Put the Right, back into Rights.
Three times a year, there are days set aside by the sex worker community to make a concerted effort to call public attention to governments’ systematic denial of their rights, implemented by often-brutal police and supported by prohibitionists who want to see their trade eradicated no matter how many of them are hurt or even killed by the process.
However, Sex worker rights are human rights, and there can never be too many voices speaking up for them, nor too many occasions on which to speak.
Ruchira Gupta: The icon we called ‘Kiddy’
When the author Subir Roy met Ruchira Gupta at The Telegraph, 35 years ago, she was not quite 20 and not a graduate.
Today she is the indomitable founder of Apne Aap, which has touched the lives of over 21,000 women who were victims of sex trafficking.
Sunitha Krishnan: Rape survivor to savior
Ever since she co-founded Prajwala (eternal flame) in 1996 with Brother Jose Vetticatil she has braved threats and physical assaults – one particular attack left her with an irreparably damaged ear – but an undaunted Krishnan has managed to rescue some 8,000 girls. Those rescued are rehabilitated through vocational training, jobs and marriage.
Roma Debabrata : Helping the child return home.
Roma Debabrata officially started STOP in 1998, her mission is to stop trafficking and oppression through education, legal movements and rescuing children and women from various forms of slavery and trafficking. She not only rescues girls but also provides a safe home for them to heal and rehabilitate as well as receive an education and life skills.
Anoyara Khatun : Once trafficked, this teen, is now an international child rights activist
When Anoyara Khatun was 18-year-old girl, she was trafficked from the remote islands of Sundarbans in West Bengal. She is today an international child rights crusader and has been invited twice to speak at the United Nations.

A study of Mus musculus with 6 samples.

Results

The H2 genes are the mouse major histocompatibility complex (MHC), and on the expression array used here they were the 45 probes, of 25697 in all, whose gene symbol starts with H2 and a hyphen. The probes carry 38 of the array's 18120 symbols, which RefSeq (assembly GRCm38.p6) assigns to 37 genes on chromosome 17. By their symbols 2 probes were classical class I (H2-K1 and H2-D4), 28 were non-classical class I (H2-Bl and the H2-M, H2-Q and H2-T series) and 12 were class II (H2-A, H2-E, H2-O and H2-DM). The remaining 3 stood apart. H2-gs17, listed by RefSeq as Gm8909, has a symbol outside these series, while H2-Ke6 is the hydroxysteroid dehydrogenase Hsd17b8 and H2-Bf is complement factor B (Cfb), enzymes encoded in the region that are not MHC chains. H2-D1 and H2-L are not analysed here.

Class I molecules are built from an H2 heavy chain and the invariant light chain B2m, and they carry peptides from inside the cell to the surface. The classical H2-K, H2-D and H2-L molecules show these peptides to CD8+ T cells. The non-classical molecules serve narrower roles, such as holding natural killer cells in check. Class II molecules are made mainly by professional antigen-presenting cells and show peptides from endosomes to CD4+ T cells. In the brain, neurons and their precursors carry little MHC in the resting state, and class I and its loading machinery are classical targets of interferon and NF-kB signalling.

Having met UN Secretary General Ban Ki Moon, Bill Gates and Melinda Gates, Anoyara Khatun is now a hero in her Sandeshkhali village in North 24 Parganas district.
As a youth leader guided by international NGO ‘Save the Children,’ she is now leading 80 groups of children, each having about 10-20 members who are fighting against evils like child marriage, trafficking, child labour, besides other issues related to health and education.
Pankaj Johar: He showcased human trafficking and its most brutal side.
His film ‘Cecilia’ puts a face to human trafficking, and it belongs to a 14-year-old corpse. It is about Cecilia Hasda who came to work at the household of filmmaker Pankaj Johar and his family in Delhi in 2014.Her teenaged daughter had been trafficked to Delhi without Hasda’s knowledge to work with a family and had died in mysterious circumstances. The 81-minute film was premiered at the International Documentary Film Festival Amsterdam in mid-November. Pankaj stood by Hasda till her case was resolved.
In the Mewat district of Haryana (India) women are sold as sex slaves to men and then sold again in a ‘bizarre form of currency’. For many years now, girls (some barely in their teens) are trafficked from the poor regions of Assam, Bihar, Jharkhand, Orissa, eastern Uttar Pradesh and West Bengal with promises of employment or marriage and are sold in this district. These girls are locally called ‘Paros’. A Paro literally means ‘one from Yamuna par’, i.e. ‘one from across the river Yamuna’. The number of Paros in Mewat is estimated to be anywhere between 15000 to 50000.
Over 14,000 victims or ‘ Paros’ were rescued from trafficking for prostitution in the past two years…and the fight is still on.